Do all measurements need to be normalised?


Time Effects:
o Time runs slower with reduced radius [r] from mass [M].
o Time runs slower due to any relative velocity [v].

Spatial Effects:
o Space expands with reduced radius [r] from mass [M].
o Space contracts due to velocity [v] along the path of motion.

In the context of large-scale cosmology, there is the perception of the CMB frame of reference. Therefore:

Might astrophysics use this preferred frame for determining the effects of the Earth’s relative velocity?

Presumably our normal perception of time and space, here on Earth, are affected by our relative velocity with respect to CMB and our position within the gravity well of the Earth itself, then our local solar system and finally the Milky Way. While I have yet done any calculations

Are these relativistic effects too small to be of any significance in astrophysics measurements?
Is there any need to normalise astrophysics measurements to flat spacetime?


Finally, by way of another thread of general inquiry:

Does astrophysics have any standard reference of time, e.g. atomic clocks?
How is distance to some remote object determined, e.g. cepheid variables and redshift?
Are relativistic effects ever taken into consideration?


Appreciate that these questions might be too broad in scope, but would appreciate any thoughts or links to further information. Thanks
 


...Finally, by way of another thread of general inquiry:

Does astrophysics have any standard reference of time, e.g. atomic clocks?
How is distance to some remote object determined, e.g. cepheid variables and redshift?
Are relativistic effects ever taken into consideration?

The general question of how distances are determined is an interesting one. Terrence Tao has a lecture on "the cosmic distance ladder". various other people have written clear introductory essays on that. Maybe one of the others here will recommend links. There is a series of ways, starting with parallax (trigonometry) ranging of nearby stars. Each method is used to calibrate/check the next method up the ladder. So they work their way farther and farther out.

About relativistic corrections, the first thing to do is estimate the size of the effect. The CMB dipole tells us that the Earth is moving around 370 km/s relative to CMB and that is about 1/1000 of the speed of light.

You know the common relativistic correction factor of sqrt(1 - beta2)

Well if beta = 1/1000 then beta2 is a millionth.

So 1 - beta2 = 1 - 0.000001 = 0.999999

And sqrt(1 - beta2) = 0.9999995 = even closer to 1.

So there is essentially no relativistic correction. It practically amounts to multiplying or dividing numbers by a number that is essentially one.
 
  • #3
marcus

Someone else may want to answer more precisely but I would say that there is not much reason to correct for our depth, either in the solar system's field or in the galaxy's.

You can get a handle on how deep we are down in our gravity hole by estimating how big a kick it would take to send a spacecraft out of the solar system and out of the galaxy. Escape velocity. It is not much compared with the speed of light.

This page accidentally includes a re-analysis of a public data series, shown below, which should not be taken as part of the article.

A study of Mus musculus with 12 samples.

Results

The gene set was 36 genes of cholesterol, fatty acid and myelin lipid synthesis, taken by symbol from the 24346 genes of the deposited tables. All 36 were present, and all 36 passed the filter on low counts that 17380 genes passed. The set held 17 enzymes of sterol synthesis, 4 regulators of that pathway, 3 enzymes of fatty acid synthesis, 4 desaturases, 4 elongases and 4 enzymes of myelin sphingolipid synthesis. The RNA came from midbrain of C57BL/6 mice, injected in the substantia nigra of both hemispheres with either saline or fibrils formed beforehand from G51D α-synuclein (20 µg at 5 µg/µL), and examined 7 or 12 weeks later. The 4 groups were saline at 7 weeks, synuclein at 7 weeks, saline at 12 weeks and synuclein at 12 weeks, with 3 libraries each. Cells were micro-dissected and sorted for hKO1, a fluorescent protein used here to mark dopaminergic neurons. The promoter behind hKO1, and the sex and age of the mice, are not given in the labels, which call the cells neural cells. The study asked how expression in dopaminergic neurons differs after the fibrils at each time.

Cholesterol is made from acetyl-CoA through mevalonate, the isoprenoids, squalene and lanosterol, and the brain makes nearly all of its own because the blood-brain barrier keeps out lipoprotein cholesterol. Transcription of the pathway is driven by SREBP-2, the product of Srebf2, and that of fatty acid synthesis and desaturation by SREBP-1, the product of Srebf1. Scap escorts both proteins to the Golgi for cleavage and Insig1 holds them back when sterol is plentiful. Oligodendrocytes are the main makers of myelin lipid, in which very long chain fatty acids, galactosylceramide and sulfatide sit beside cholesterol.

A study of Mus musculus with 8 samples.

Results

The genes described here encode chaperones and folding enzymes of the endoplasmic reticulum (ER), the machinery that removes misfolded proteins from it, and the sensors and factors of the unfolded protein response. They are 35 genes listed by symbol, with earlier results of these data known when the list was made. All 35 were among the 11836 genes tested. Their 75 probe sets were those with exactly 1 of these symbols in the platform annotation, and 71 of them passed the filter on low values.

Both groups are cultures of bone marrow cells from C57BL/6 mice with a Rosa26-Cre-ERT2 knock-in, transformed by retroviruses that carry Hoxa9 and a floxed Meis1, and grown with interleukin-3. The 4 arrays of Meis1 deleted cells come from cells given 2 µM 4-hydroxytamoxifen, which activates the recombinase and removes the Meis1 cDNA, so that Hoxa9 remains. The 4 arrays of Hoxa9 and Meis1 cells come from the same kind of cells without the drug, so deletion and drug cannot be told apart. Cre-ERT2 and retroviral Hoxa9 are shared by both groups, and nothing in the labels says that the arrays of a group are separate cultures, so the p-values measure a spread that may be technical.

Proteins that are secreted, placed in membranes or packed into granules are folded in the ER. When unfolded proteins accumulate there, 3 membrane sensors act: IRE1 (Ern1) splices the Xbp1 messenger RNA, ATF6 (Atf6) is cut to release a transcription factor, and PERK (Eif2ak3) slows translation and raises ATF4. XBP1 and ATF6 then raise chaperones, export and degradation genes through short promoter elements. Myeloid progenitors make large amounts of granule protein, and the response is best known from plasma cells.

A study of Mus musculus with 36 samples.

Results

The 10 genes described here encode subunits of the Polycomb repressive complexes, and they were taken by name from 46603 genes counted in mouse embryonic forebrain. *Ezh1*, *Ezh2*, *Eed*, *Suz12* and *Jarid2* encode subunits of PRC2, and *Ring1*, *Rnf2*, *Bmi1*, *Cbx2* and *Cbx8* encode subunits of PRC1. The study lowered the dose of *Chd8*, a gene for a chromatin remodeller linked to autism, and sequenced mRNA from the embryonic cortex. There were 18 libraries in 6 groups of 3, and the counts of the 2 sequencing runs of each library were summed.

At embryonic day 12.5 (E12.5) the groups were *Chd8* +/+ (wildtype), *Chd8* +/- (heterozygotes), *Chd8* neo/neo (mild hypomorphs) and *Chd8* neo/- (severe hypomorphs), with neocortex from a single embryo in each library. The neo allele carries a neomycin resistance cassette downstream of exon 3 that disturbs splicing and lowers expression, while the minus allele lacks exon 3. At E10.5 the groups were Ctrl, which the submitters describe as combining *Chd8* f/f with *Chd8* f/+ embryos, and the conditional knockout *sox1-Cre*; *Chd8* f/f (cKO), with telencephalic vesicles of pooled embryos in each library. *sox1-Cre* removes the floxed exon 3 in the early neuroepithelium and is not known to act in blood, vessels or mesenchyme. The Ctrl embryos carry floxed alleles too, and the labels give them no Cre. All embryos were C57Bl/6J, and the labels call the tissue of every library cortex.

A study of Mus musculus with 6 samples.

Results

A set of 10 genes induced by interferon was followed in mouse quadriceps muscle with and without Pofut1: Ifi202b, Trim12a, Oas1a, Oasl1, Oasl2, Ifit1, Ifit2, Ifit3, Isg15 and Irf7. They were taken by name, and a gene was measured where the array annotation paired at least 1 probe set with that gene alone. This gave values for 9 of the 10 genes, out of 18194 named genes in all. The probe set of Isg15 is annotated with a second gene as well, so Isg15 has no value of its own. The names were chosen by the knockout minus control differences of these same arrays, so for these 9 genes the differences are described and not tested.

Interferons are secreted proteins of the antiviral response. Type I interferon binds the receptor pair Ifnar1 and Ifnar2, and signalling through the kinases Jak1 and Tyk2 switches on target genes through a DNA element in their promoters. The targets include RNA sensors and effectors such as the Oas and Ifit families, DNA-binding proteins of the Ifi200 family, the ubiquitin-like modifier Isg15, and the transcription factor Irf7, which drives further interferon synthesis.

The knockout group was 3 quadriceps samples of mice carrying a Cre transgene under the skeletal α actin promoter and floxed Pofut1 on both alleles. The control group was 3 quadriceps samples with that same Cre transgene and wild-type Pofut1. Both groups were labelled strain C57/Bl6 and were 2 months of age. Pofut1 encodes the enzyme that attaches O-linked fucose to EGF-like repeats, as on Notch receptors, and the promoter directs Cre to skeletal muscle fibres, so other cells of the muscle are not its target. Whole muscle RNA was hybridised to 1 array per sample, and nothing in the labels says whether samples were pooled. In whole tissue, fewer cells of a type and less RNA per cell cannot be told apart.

A good rule to remember is that escape from circular orbit is sqrt 2 times the circular orbit speed. Our solar system is going about 250 km/s in its orbit around the center of the galaxy. so multiply that by 1.4. You get about 350 km/s.

Escape from solar system might bring it up to a total of 400 km/s. That's a measure of how deep we are.

This is about the same order of magnitude as the other speed. Intuitively, I'd guess that any general relativistic time correction is not going to amount to much. Not something to worry about.

When we say the age of expansion is 13.7 billion years there is already so much imprecision that we are not going to worry about our depth in gravitational field. Someone out at "infinity" in the wide open spaces between the clusters of galaxies---who is not down deep in gravitational potential----he would probably also measure the age as 13.7 billion years.

Yes his clocks are going a wee bit faster than ours, so maybe for him it is would be
13.70001 billion years. Just kidding :biggrin: I haven't estimated the size of the correction. Could just as easily be 13.7001.

but nobody is looking at the 6th decimal place. the original estimate of 13.7 was only accurate to 3 significant figures.

You see the general point I'm making.
 
  • #4
mysearch
Many thanks for both inputs. I just wanted to check whether I was over-looking any obvious factors regarding the composite effects of special and general relativity. The development of GPS is often cited as tangible case where the relativistic effects of velocity and gravity have to be accounted. However, in the GPS case, I assume it is orbital velocity of the satellite rather than the relative velocity with respect to CMB that is the major issue. Doing some quick calculations regarding the gravitational effects, which I haven’t checked, the value of 2GM/rc^2 at the surface of the following object would be:

Black Hole = 1
Neutron Star = 3.01E-01
Sun = 4.25E-06
Earth = 1.40E-09

Again, the gravitational effects seem minimal, especially at greater radii, unless the application requires an accuracy of 6-9 decimal places, which I assume GPS must. In the context of gravity, the relativistic factor (1-Rs/r) introduces the parameter [r] as the coordinate radius, which appears to be defined as the circumference [C] divided by [2Pi]. In curved spacetime, the value of [r] does not align to flat space geometry and it is often conceptually implied that value of [r] is calculated by first measuring [C]. However, it was not obvious how this might be practically done within the context of astrophysics here on Earth, if flat space geometry could not be assumed. Again, many thanks.